The Kavanaugh hearing was the most flagrant display yet of the sicknesses at the core of the United States. The tribal divisions were more bare than usual. No one cared about clear abuse of women or obvious ongoing alcohol addiction issues or rather obvious lying that demonstrated how clearly unfit the many is for a judicial position. He was their boy, and that was enough for him to get away with it.
There are no principles left for the nation, only force.
We can and likely will get past some of the worst of this after the November election. Then again, the rise of one party to a position of power and the ability to check these abuses will only make the situation worse in the immediate term. It’s hard to know how to get past this.
Dr. Christine Ford, in her testimony, spoke for all of America in many ways. The most significant was that she made it clear that she never wanted to be there in the first place, that reliving her experience was painful in the extreme. Being compelled to testify by her sense of justice and patriotism was not enough to wash the horror out of her. In that way, she was an example for us all.
Yet in other unspoken ways she was a better example.
No on ever “gets over” such an assault. One gets past it, moves on with their life, and refuses to let it define them. Dr. Ford went on to have a great career as a respected professor and scientist in psychology. She has what appears to be a great marriage to a husband who has learned to understand her need to have multiple escape routes carefully planned.
It would have been much better for her to have real closure, of course. If her attacker had been somehow punished or at least been forced to recognize his awful behavior and apologize it would have made things easier for her. None of that happened, however, and she was forced to move ahead by herself.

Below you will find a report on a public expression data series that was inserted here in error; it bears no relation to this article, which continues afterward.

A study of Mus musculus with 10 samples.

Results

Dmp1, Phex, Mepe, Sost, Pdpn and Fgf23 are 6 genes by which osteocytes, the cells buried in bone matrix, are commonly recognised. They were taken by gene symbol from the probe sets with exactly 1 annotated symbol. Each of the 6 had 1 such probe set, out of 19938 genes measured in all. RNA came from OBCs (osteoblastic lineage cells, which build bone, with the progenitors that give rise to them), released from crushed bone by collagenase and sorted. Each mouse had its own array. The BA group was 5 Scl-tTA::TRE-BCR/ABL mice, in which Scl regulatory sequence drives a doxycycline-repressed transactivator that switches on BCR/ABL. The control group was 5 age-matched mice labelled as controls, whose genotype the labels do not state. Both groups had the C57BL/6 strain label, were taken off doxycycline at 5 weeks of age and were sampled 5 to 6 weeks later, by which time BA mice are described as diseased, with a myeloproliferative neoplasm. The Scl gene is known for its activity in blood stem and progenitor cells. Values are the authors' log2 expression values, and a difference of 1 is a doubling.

Our nation has been subjected to more than a voyeuristic view of that attack and the frat boy contempt for women that fueled it. We have now lived it, as many victims relived their own attacks through the process. Have no illusions, the vast majority of women of my generation have been sexually assaulted, rarely reporting it to a system that would only heap on more abuse rather than healing. Their ability to reach down inside themselves and simply get past it has defined their lives ever since.
Some were very good at it, at least superficially, like Dr. Ford. Some were not.
As a nation we now stand in the same place that she was. We have no process in place for healing, and confronting the issue with what we have in place is only going to make it worse. We have to imagine a better nation on our own and simply go about doing it. More accurately, we have to start working very hard in a way that helps us push this trauma down deep and convinces us that we are indeed moving forward. Exactly where we are going isn’t all that important right now as long as we are moving.
That doesn’t happen today. Hopefully it happens soon enough and we don’t have to wallow in the despair and helplessness that would define us all as victims.
This is far from what America is supposed to be and further yet from what it could be. What we do know is that this nation has within it the power to be anything.. It does not have to be a cabal run by drunken frat boys and their belief that they are entitled to power simply because of their birth or their narcissism. We can be much better than this. We can be a nation focused on truth and compassion, a driving force for better lives for everyone.
How do we get there? What does that road look like? That isn’t necessarily relevant today. What’s important to victims, or to those who refuse to be defined by victimhood, is that we get out of the house of abuse and start walking. Where to go isn’t necessarily important at first. What is important is that we start walking, away, and see where that takes us.
I have several pieces “in the can” on what a functional and decent society might look like, but they seem totally irrelevant at the moment. We can talk about where we are going later. Today, it seems more important to say to those who just relived their worst memories that we will be better than this, we have to be better than this, and we will find out together what “better” really is. This will not define us forever.
I love you all, my sisters and brothers who have experienced abuse. You have a strength beyond what everyone knows, including yourself. There is nothing more powerful as a starting place for something better for all of us. Lets walk together for a while. Let’s just start walking away in silence. Let’s get ourselves to that one place we know we have to be, which is away.